Teaching Multicultural Literature: A Workshop for the Middle Grades
Engagement and Dialogue: Julia Alvarez, James McBride, Lensey Namioka, and more Student Work
This section features sample student work from Carol O’Donnell’s unit on dual identities and multiple worlds in Workshop video 1. The samples include:
- Questions, quotes, and reactions prepared by one student for the peer facilitation circle about The Color of Water. (See Teaching Strategies: Peer Facilitation Circle.)
- An identity statement written by a student-panelist for the talk show (an activity in which student-panelists took on the roles of characters in the literature they were studying). This student wrote in the voice of Khoi T. Luu, author of “Family Ties: the Lighter Side of the Vietnamese American Experience.” (See Teaching Strategies: Talk Show.)
- Interview questions prepared by a student-reporter for the talk show. (See Teaching Strategies: Talk Show.)
- An identity story — the final project in which students, drawing on all of the literature and activities in the unit, crafted stories about dualities in their own identities. (See Teaching Strategies: Identity Stories.)
As you review the student’s work, consider the following questions:
- What do you notice that this student did well?
- What questions might you ask this student about his or her work?
Peer Facilitation Preparation
Talk Show Identity Statement
When I came here as a young child, I always had a breathing living desire to become more “American,” whatever that means. As I become older, I realized that there really wasn’t a way to completely free my mind of a sorrowful Vietnamese past. When I had fully realized this, I not only began acting like myself but I started to preserve and improve the Vietnamese personality that haunted me in the past. I decided to embrace it, not push it away or dissolve it with some kind of Febreeze for personalities. Now, I have set up a reserve for my Vietnamese self like those that are set up to preserve Native Americans, and no longer do I fear to convey my true personality.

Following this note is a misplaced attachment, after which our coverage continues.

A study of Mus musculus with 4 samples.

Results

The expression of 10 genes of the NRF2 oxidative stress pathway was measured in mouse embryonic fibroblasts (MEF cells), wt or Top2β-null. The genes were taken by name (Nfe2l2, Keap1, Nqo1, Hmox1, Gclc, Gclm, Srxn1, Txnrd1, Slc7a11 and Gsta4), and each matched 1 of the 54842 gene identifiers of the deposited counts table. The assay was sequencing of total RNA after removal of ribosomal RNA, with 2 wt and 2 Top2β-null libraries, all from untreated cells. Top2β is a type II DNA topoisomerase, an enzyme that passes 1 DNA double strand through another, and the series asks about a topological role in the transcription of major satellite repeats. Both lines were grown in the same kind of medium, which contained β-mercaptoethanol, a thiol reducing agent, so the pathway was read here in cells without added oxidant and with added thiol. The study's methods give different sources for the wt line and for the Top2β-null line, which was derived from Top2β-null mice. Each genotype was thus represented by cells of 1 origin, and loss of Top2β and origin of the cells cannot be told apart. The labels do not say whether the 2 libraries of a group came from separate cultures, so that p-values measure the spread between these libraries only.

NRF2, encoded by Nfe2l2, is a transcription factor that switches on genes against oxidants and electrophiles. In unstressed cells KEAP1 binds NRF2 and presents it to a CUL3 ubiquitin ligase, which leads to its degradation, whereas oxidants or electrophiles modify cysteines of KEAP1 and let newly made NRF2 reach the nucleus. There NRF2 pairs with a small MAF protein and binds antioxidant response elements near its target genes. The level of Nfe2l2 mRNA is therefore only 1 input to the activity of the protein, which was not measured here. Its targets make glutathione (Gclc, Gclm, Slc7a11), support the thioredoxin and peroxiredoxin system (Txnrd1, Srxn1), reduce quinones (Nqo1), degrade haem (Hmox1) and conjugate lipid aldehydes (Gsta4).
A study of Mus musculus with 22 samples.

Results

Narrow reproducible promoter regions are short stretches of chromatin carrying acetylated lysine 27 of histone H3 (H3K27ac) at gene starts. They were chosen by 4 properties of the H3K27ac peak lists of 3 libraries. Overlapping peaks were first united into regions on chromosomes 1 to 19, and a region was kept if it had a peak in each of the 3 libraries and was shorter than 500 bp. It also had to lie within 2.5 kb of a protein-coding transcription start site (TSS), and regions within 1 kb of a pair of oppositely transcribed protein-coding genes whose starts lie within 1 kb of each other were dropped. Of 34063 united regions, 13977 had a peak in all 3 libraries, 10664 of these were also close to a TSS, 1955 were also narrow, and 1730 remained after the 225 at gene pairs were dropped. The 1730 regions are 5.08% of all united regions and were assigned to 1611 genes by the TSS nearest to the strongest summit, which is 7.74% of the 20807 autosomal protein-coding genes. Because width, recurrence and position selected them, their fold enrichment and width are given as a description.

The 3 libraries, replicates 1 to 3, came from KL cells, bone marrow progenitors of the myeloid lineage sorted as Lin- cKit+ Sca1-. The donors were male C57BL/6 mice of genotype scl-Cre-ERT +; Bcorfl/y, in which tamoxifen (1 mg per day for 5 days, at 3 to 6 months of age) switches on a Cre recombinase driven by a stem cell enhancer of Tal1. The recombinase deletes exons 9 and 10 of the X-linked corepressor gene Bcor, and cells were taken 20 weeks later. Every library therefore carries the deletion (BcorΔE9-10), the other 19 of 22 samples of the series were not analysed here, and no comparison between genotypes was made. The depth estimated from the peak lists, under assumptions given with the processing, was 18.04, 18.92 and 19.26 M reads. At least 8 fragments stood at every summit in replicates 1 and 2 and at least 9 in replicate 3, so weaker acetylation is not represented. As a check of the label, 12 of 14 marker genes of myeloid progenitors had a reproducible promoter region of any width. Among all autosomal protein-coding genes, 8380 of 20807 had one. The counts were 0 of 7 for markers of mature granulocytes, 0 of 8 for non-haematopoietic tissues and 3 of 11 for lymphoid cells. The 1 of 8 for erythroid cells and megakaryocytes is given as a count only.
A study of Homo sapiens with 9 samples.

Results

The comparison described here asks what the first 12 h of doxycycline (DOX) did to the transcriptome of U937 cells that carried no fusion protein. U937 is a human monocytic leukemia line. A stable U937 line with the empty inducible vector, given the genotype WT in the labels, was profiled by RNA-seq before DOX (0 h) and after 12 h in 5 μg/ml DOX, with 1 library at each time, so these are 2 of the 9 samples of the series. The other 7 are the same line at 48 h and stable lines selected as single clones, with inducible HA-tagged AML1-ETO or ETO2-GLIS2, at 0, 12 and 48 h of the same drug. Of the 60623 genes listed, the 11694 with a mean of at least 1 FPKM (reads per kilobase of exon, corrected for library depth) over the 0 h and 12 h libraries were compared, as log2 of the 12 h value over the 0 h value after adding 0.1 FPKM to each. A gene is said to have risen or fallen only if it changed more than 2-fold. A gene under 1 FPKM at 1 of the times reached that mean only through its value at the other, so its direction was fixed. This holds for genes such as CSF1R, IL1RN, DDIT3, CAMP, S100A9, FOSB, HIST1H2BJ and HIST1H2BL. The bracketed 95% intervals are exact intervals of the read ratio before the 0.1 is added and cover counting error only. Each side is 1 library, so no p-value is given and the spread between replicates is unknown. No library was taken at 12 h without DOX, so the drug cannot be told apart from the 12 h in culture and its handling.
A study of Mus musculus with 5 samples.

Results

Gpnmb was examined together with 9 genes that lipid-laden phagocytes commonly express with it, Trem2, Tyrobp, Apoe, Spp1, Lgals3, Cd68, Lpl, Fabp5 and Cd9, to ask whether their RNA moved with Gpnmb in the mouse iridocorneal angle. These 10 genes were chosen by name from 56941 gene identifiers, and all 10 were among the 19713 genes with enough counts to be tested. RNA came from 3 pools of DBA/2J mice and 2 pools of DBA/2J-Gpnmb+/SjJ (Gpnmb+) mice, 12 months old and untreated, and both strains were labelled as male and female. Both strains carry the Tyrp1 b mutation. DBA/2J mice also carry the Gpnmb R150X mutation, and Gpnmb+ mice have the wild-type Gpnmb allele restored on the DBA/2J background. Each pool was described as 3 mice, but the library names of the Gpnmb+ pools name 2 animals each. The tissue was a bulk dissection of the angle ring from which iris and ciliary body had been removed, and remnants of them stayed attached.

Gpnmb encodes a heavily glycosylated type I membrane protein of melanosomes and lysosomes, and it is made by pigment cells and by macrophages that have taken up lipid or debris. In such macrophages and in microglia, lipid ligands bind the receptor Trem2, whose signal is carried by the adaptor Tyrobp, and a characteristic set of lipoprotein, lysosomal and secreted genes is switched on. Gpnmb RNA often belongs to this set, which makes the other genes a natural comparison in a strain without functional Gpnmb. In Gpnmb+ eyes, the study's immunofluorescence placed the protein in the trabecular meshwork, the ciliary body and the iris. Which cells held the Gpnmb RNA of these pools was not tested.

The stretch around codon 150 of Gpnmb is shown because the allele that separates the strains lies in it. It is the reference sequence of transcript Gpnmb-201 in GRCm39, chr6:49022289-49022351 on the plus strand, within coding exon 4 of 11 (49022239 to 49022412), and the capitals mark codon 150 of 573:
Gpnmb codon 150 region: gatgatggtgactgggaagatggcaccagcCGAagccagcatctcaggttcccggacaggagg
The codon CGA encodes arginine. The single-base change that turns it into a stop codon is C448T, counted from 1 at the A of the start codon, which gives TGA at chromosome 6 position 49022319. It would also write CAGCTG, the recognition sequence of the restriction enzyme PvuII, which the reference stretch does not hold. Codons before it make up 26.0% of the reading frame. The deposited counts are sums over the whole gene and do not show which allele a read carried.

Talk Show Questions
Workshop 6 Historical and Cultural Context: Langston Hughes and Christopher Moore
Stanlee Brimberg and his students in New York City study the important contributions of African Americans to the United States and the recent discovery of the African Burial Ground in Manhattan through factual texts, video, art, photography, and poetry. The students interview writer, historian, and documentary filmmaker Christopher Moore to learn more about the everyday experiences of African slaves in early New York. They examine the works of Langston Hughes, and then — drawing on all of the texts — they write their own poetry and engage in peer review. As a culminating activity, the students take a field trip to the African Burial Ground Memorial, and then design their own postage stamps to commemorate the site.